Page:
But what happens if I choose to do neither?
Where does the $20 a month go? Does it get saved for me to put towards a new phone in the future?
Or is telus simply lining there pockets? If it's the latter of the two, it is simply criminal....
You can keep your current month-to-month plan. Switch to a Bring your own device plan, or purchase a new phone anytime you wish.
Your monthly bill is not directly related to your device balance so you will not see any change in that regard.
Depending what plan you currently have, you may benefit keeping it or switching to a BYOD. (You will have to research the pros and cons. (Data/Min etc)
If you want the latest bells and whistles phone. Unless you’re purchasing it outright (full cost), you’ll be under a new contract/term.
More explanation on Device balance
"Your Device Balance is the cost to upgrade or renew your device before the end of your service term. The Device Balance is based on the discount you originally received for your device and decreases every month over the length of your service term. At the end of your service term, the Device Balance is $0."
The language used is pretty deceiving. To call it a discount is disingenuous because it is more of a loan that is paid back over the two years. If it were truly a discount you wouldn't have to pay it back. Likewise it is not actually the cost to upgrade or renew - it is the cost to payout the "loan". And taken literally you ought to be able to get a new phone for $0 at the end of the 2 year term - that is exactly what it says - the cost to upgrade or renew is $0 at the end of your term.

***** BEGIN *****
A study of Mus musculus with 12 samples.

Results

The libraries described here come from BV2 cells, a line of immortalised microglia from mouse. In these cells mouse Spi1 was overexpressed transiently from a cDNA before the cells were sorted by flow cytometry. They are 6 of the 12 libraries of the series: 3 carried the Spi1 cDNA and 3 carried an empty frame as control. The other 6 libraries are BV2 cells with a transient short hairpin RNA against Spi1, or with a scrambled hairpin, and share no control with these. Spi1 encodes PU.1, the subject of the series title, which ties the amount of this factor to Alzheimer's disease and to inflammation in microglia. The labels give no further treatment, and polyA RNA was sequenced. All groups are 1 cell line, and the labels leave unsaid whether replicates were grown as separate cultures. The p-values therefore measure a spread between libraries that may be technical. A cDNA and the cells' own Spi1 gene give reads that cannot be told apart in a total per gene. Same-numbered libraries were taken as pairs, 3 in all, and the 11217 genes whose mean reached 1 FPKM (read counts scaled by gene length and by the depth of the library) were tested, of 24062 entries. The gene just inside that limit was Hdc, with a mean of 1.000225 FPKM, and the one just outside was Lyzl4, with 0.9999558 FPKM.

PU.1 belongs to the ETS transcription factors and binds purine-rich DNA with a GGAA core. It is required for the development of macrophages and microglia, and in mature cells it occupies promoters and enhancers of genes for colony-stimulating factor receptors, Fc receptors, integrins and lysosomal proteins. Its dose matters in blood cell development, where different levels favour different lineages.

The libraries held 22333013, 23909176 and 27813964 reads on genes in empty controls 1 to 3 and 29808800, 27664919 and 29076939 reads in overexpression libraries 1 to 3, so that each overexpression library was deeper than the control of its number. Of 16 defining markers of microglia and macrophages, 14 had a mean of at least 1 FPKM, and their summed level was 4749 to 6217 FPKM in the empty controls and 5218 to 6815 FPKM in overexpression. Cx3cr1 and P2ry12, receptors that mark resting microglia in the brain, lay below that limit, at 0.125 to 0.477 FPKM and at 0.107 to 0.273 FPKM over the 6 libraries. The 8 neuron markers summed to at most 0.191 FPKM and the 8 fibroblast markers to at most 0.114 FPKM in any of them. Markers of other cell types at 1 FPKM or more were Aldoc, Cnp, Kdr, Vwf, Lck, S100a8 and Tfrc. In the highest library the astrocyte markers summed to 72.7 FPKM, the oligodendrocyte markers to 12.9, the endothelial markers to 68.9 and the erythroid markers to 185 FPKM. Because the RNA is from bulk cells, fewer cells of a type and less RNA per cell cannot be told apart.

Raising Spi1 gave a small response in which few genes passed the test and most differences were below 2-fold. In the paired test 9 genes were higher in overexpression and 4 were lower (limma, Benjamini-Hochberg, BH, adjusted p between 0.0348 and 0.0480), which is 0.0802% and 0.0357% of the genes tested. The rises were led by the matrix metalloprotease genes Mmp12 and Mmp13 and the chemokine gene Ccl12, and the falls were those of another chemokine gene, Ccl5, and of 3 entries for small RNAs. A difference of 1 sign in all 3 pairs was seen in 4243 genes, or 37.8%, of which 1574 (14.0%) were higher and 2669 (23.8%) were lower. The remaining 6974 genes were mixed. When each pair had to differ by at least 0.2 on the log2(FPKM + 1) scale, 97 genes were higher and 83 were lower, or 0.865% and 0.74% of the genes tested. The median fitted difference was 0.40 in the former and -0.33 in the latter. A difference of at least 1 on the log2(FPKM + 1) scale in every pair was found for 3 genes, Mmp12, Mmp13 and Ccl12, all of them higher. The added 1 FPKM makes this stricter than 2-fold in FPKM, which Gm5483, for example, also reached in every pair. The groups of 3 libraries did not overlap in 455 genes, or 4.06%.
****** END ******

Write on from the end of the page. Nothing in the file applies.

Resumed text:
And so the original question remains - will the monthly plan cost decline by the monthly device cost? By using the language above Telus can argue that it won't because they wrap it as a cost to upgrade or renew rather than the remaining cost to buyout the loan. But in the examples Telus gives at the link they also clearly state that the device cost is applied against the "discount" given at the beginning of the contract.
A comment I posted this morning, that isn't here now, might have helped you understand how a subsidy works. This is the second or third time my comments have disappeared. I'm not repeating myself if I can't be sure the effort of doing so will remain, so you'll have to go on with your misconception of the written material.